GERMANTOWN -- A 7-year-old girl was shot in the arm at her before-school day care center yesterday morning by an 8-year-old boy who had brought his father's handgun from home, police said.
The girl, whom police would not identify, was in stable condition yesterday with what they described as a serious but not life-threatening wound. The boy, whom police also would not identify, remained in custody on unspecified charges pending a review by the Department of Juvenile Services.
The boy's father, 56-year-old John Linwood Hall of Germantown, was charged with leaving a firearm in a location accessible by an unsupervised minor and contributing to the delinquency of a minor.
News of the shooting, which occurred just before 7 a.m. at the For Kids We Care day care center in the Northlake Apartments complex on Grey Eagle Court, shocked the Washington suburb.
"I think parents realize if this could happen here, it could happen anywhere," said Loretta Favret, principal of the nearby S. Christa McAuliffe Elementary School, where the girl is in second grade. "We all know that there are guns in our community, but the fact that they're getting so close to our children is scary."
Montgomery County police said the boy had carried his father's .38-caliber Taurus revolver and bullets to the day care center inside his backpack. He was handling the gun inside the pack when it fired, striking the girl in the arm, police said.
The girl was airlifted to Children's Hospital in Washington.
Police said the boy found the gun, which had been in Hall's possession for "a number of years," in an unsecured container inside a closet.
Maryland is one of 18 states with laws that hold gun owners responsible for leaving guns accessible to children.
Montgomery County State's Attorney Douglas F. Gansler would not detail the charges against the boy. He said the boy was charged, in part, so he could be "available for the treatment and counseling" offered by the Department of Juvenile Services.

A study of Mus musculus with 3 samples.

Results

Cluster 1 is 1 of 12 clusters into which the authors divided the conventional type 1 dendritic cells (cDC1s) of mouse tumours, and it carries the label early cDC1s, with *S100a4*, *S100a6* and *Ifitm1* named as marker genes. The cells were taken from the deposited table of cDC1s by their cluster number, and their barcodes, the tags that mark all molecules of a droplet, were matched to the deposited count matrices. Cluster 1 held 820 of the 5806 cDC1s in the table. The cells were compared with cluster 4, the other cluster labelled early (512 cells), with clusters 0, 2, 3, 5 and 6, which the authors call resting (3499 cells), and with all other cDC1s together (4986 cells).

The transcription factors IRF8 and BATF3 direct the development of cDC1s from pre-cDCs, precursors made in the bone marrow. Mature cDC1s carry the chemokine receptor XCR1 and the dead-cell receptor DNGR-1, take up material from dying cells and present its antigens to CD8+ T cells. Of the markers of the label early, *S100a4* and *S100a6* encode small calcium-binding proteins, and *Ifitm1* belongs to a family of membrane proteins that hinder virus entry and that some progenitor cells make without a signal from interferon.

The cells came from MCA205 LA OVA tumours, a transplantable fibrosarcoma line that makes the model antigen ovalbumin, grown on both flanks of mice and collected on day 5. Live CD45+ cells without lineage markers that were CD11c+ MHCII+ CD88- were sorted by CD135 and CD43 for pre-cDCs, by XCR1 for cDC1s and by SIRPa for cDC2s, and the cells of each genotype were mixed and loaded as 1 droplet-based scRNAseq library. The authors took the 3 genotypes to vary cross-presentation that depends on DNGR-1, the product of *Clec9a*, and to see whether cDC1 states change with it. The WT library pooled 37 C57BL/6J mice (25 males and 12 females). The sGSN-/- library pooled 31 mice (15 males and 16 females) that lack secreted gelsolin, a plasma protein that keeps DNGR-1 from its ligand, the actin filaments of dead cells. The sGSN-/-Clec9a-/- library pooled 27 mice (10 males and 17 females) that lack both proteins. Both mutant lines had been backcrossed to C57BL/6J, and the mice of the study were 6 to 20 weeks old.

"It was a very difficult position for the police in this charging incident," Gansler said. "In one instance, you have the severity of this case. ... But on the other hand, the alleged shooter is only an 8-year-old boy."
Gansler said the boy knowingly brought the gun to the center, but did not intentionally shoot the girl.
Gun-control advocates said the incident demonstrated the danger of loose guns around children.
"If you decide you really have to have a gun, you'd better make damned sure you keep it secured and locked up," said Casey Anderson, an attorney for the Washington-based Coalition to Stop Gun Violence. "Kids are extremely curious about guns. Naturally they want to play with them. Even if you think they're mature, it only takes one mistake that can't be undone."
About six children were present at the center, one of two in Germantown operated by For Kids We Care, at the time of the shooting. A woman who answered the telephone number listed on the company Web site said she could not comment on the incident.
The State Department of Education, which licenses day care facilities, also was investigating the incident. For Kids We Care has been licensed to operate two centers in Montgomery County since August 2003, department spokesman Bill Reinhard said. The Northlake Center passed inspection in September.
Favret, the girl's principal, described her as "very popular."
"She's a favorite around here," she said. The school was sending notes home to parents yesterday afternoon.
Jacquelyn L. Tazwell was planning to take her 4-year-old son, Kyle Wallace, to a counselor.
Kyle has attended For Kids We Care since July. Tazwell was at work yesterday when a sister called with the news. She raced to the center.
"I wouldn't think something like that would happen, in a day care especially," Tazwell said. "Nowadays it doesn't matter where you go, bad things can happen."
Sun staff writer Nicole Fuller and researcher Paul McCardell contributed to this article.